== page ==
By Kylee Denesha

UMass Medical School Communications

May 29, 2020
From left, Neha Diwanji, Mona Motwani
and Ciearra Smith

After years of study, 17 Graduate School of Biomedical Sciences PhD candidates had the unusual experience of defending their theses virtually, via Zoom, this spring. For some, the socially distant alternative to a traditional dissertation became an opportunity to reach a larger audience that included relatives and friends from near and far.

“It was certainly weird at first, because you cannot see anyone’s facial expressions or gestures while you’re speaking,” said Mona Motwani, GSBS ’20 PhD candidate in immunology and microbiology.

“But if we didn’t switch to the virtual option, my extended family and friends would have never been able to attend.”

“I had 109 people sit in for my presentation,” said Ciearra Smith, GSBS 20 ’PhD candidate in neuroscience. “We might have missed the pomp and circumstance, but I thought it went better than it would have been in-house.”

The dissertation defense is the final step for students earning a PhD, showcasing their years of compiled research. As they prepare for the GSBS Class of 2020 commencement ceremony, to be held at noon on Sunday, May 31, the students are reflecting on this moment.

“I’ve always had a passion for science, and I’m so glad I’ve made the choice to pursue a career in it,” said Neha Diwanji, GSBS ’20 PhD candidate in cancer biology. “When it came time to defend my research, I was nervous about how people would perceive it on Zoom. In the end, it turned out to be a great learning experience.”

Motwani’s dissertation is focused on cytosolic DNA sensing in autoimmune and autoinflammatory diseases. She focused on a rare lung disease known as SAVI (STING-associated vasculopathy with onset infancy.) Using mouse models, she was able to identify which cells are impacted due to a STING mutation, and what tissues they are affecting. STING is a protein important in innate immunity.

“Besides working on a rare disease, I also work on lupus, an autoimmune disease that affects millions world-wide, primarily women,” Motwani said. Using different mouse models of lupus, Motwani was able to show how activation of the STING protein may limit autoimmune diseases, suggesting a possible therapeutic approach.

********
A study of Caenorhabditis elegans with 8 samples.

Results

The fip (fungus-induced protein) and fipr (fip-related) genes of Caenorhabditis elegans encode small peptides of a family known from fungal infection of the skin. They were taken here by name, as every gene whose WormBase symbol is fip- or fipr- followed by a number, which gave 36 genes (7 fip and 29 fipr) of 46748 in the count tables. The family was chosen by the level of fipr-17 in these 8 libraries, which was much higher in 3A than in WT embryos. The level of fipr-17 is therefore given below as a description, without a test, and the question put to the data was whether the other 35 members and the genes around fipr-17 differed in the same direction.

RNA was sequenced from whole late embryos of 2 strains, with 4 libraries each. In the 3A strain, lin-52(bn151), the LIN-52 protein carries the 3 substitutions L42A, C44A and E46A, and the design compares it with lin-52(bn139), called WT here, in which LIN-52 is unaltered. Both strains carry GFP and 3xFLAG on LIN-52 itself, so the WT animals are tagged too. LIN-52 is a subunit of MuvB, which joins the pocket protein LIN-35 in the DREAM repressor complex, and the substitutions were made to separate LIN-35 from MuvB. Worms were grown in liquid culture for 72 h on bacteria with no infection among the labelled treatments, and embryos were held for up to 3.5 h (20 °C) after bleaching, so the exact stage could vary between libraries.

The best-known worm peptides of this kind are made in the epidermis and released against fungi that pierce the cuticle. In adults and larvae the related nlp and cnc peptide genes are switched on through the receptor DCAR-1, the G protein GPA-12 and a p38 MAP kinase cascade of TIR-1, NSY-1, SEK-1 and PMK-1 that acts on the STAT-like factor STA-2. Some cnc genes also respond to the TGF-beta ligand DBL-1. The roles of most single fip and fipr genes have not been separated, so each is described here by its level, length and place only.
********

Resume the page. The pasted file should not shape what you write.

Motwani recently accepted a position as a senior scientist at Sanofi in Framingham.

Smith used mouse models to study circadian rhythms in specific tissue and cell types. By tagging certain cell activity with proteins that light up, she was able to monitor circadian rhythm activity in individual brain tissues and cells.

“We want to develop a tool for scientists in this field to use to investigate how individual tissues or cells respond to circadian disruption, such in the case of jet lag,” she said. “The mouse model will help us gain a better understanding of the effects of circadian disruption on the internal timing system, which can open therapeutic avenues.”

Diwanji’s dissertation centered on understanding how immune cells are recruited to overgrown tissue. By analyzing changes in fruit flies, she was able to take a closer look at the cells and their role in tumorigenesis.

“My work is to understand how these enzymes that kill cells can actually promote cell growth too, a process called apoptosis-induced proliferation,” Diwanji said. “We demonstrate that the enzymes are important in recruiting macrophages to overgrown tissues.”

The GSBS is awarding 39 PhD, 10 Master of Science in Clinical Investigation and seven MD/PhD degrees at its Commencement at noon on Sunday. The virtual celebration will be streamed live on the medical school’s YouTube channel and Facebook page. The ceremony can also be viewed via Zoom, online at or via phone at 646-876-9923, 312-626-6799 or 301-715-8592.